CALCUTTA, — Mother Teresa had an exorcism performed on her while she was hospitalized in 1997, the Archbishop of Calcutta said Wednesday.
The disclosure by Archbishop Henry D'Souza came as hundreds of people in this eastern Indian city paid homage to the renowned caregiver on the fourth anniversary of her death.
But the Rev. Richard McBrien, a Notre Dame theology professor, called the exorcism and the archbishop's explanation for it "bizarre."
D'Souza said the exorcism would not affect the nun's candidacy for sainthood.
"No way. Mother was not possessed . . . it did not hurt her sanctity," D'Souza told The Associated Press.
He said the exorcism took place in a hospital where the nun was admitted because of heart trouble before her death on Sept. 5, 1997, at age 87.
The doctor treating Mother Teresa reported that she was having trouble sleeping, he said.
"There was no medical reason for that," the archbishop said. "It struck me that there could be some evil spirit which was trying to disturb her."
He said he asked — with the nun's consent — for a priest in one of the churches to perform an exorcism. Along with the priest, Mother Teresa participated in a "prayer of protection" and "slept peacefully after that," he said.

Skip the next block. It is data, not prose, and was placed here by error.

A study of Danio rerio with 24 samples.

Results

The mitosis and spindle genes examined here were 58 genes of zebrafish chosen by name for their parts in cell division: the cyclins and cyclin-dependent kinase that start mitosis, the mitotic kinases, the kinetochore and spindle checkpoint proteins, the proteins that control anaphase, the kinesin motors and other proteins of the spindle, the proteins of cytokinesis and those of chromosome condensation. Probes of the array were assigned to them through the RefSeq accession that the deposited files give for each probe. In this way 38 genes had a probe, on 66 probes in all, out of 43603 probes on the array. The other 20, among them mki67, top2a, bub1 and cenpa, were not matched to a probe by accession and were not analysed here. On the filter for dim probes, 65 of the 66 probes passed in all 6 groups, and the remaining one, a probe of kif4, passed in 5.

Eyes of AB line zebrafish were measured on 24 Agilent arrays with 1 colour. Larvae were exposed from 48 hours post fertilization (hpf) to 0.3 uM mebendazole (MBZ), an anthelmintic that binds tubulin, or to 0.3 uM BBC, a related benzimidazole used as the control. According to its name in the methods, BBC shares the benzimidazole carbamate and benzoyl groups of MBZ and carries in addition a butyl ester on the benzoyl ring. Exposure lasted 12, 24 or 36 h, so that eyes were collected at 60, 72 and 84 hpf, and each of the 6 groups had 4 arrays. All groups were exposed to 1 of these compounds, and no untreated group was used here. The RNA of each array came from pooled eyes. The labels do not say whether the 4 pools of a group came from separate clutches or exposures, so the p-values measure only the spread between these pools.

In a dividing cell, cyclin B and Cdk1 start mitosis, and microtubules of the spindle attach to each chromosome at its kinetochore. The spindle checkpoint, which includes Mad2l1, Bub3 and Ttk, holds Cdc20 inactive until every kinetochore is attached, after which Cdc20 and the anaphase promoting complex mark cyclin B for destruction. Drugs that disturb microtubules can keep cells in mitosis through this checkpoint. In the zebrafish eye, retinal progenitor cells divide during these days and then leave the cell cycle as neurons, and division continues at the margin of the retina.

Catholic experts said it would be highly unusual for Mother Teresa to have undergone an exorcism.
Exorcism is extremely rare in the Catholic church and is used only when no psychological or physical explanation can be found for dramatic changes in behavior, said Scott Appleby, director of the Cushwa Center for the Study of American Catholicism at the University of Notre Dame in South Bend, Ind.
McBrien, who teaches at the South Bend, Ind., university, said exorcism is used only when the person is thought to be possessed by the devil.
"I cannot believe they would have allowed that to happen," McBrien said. "They could have performed the rite of the anointing of the sick. That's one of the sacraments. Exorcisms aren't sacraments."
McBrien agreed that an exorcism likely would not affect Mother Teresa's candidacy for sainthood. However, he questioned whether Mother Teresa was truly able to give her consent to such a procedure.
"People would challenge wills made by people in that circumstance," McBrien said.
After Mother Teresa died, Pope John Paul II waived the customary five-year waiting period to start the process leading to possible sainthood.
The Calcutta archdiocese's formal investigation into Mother Teresa's life and virtues was completed last month and submitted to the Vatican.
On Wednesday, Sister Nirmala, the nun's successor, said she had not heard anything from the Vatican about the process.
"All of us are praying for an early sainthood of our mother," she told nuns and volunteers who gathered to offer morning prayer at Mother Teresa's tomb. "We feel her absence very much physically. But spiritually she is always with us and guiding us in our work."